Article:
It is difficult for 81 million web-browsing Indians even to imagine a life without Google. Indians, like billions of other web users around the world, are so addicted to Google that it is actually difficult for them to replace the search engine giant in their online expeditions. If John Lennon, who unleashed an uproar by saying, “Beatles are more popular than Jesus”, was alive today, he would have sung ‘Google is Greater than God’. But for the godless Chinese, Google is just a search engine.
Now it’s almost certain that the US Internet giant will shut its Chinese search engine, Google.cn. Though the company has not confirmed its pullout from the world’s largest Internet market, China’s state-controlled official media have reported that it will happen in April. Whether Google will shut its entire China operations or just pull the plug on Google.cn and let its other operations continue is not yet clear. The search engine is expected to unveil its plans on March 22.
The crisis started two months back when Google threatened to pull out of China, a market of around 400 million web users, accusing Chinese hackers backed by the government of attacking its email system. The US internet giant, which launched Google.cn to provide censored search services for Chinese users in 2006 said it detected “highly sophisticated” attack on its email services originating from China. These attacks and the Chinese government’s attempts to “limit freedom of speech on Internet” led Google to adopt a “new approach” to the Dragon, the company’s chief legal officer David Drummond wrote on his blog on January 12.
China rejected the allegations, but defended its censoring, saying Google has to obey the rules of the land. The US soon seized the opportunity to score against its global rival and asked Google to refuse “politically motivated” censoring. Rights groups around the world once again deplored the “Great Firewall of China”. Well, what will happen if Google pulls out?
According to analysts, it would be a lose-lose scenario. "If Google leaves, it`s a lose-lose scenario, instead of Google loses and others gain," Edward Yu, president of Analysys International, a Beijing research firm, told Associated Press. China sans Google will stand increasingly isolated in a rapidly expanding web world. Popular social networking sites like Facebook and Twitter, and Google’s Youtube are already banned in China. It’s still unclear how China’s educated, outward looking middle class youth would respond to the disappearance of the “all-loving” Google in their web space.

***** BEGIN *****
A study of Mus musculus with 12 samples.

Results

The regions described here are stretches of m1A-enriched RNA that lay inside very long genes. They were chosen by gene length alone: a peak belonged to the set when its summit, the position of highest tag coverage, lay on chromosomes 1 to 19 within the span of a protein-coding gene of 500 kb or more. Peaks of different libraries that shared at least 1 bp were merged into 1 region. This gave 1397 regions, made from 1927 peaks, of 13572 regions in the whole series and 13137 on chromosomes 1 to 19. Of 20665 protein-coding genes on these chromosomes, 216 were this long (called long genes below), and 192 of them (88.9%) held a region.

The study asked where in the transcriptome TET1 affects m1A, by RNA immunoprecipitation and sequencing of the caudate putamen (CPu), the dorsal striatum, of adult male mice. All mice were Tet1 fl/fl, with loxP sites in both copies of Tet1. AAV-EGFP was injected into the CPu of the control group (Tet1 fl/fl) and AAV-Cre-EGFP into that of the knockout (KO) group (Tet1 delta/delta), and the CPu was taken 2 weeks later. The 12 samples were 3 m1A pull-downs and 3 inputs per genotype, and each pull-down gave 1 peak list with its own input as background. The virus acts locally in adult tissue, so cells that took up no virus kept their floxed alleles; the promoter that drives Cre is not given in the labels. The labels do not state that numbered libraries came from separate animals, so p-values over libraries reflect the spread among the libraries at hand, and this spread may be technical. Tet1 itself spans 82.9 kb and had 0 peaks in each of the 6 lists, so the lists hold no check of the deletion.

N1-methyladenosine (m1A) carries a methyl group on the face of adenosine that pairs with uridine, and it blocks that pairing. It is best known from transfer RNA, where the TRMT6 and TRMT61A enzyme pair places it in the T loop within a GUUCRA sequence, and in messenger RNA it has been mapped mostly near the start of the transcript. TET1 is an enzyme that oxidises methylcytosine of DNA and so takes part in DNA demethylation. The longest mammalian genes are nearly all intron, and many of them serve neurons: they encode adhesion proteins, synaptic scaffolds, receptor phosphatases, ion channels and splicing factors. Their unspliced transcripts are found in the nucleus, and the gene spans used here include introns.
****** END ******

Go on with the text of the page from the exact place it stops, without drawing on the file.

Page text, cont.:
Google’s withdrawal will also hit the Chinese mobile market, which is highly dependent on the search engine. China Mobile Ltd, the world’s largest telecom service provider with 527 million subscribers, uses Google for mobile search and maps. Google’s android operating system is also popular among mobile phone users in China.
So what will China do? Despite this expected setback, the Chinese authorities appear to be defiant in dealing with Google. The reason, many think, is the (over)confidence that the local search engine, Baidu, would be able to rise up to the occasion if Google leaves. China has developed domestic equivalents of all the major popular internet companies -- Baidu for Google, Taobao for eBay, Renren for Facebook, QQ for instant messaging, games and social networking. The Economist magazine, a severe critic of China’s web censoring policies, admits these companies “are doing well”.
On the other hand, the end of operations in China will lead to a sharp fall in Google’s net revenue. Therefore, according to reports, Google will likely shut only its Chinese search portal and continue other services, leaving some options on the table for a possible future reconciliation. Apart from its search and mobile phone applications, the US firm has two research and development facilities in China and is running a popular music portal.
The Chinese government’s tough stand vis-à-vis Google is also a strong message to other companies operating in the country. If the Communist Party-led government is not ready for an inch of compromise on “sensitive issues” like censoring with a giant like Google, other companies will be thrown out of the mainland even without a negotiation if they avoid Beijing’s diktats. Most of them are more interested in the vast potential of Chinese market than the so-called liberal principles. Google was also not different till January 12, 2010.
Will China survive the departure of Google, the God of the Web World? Well, that could be the most interesting question of coming years.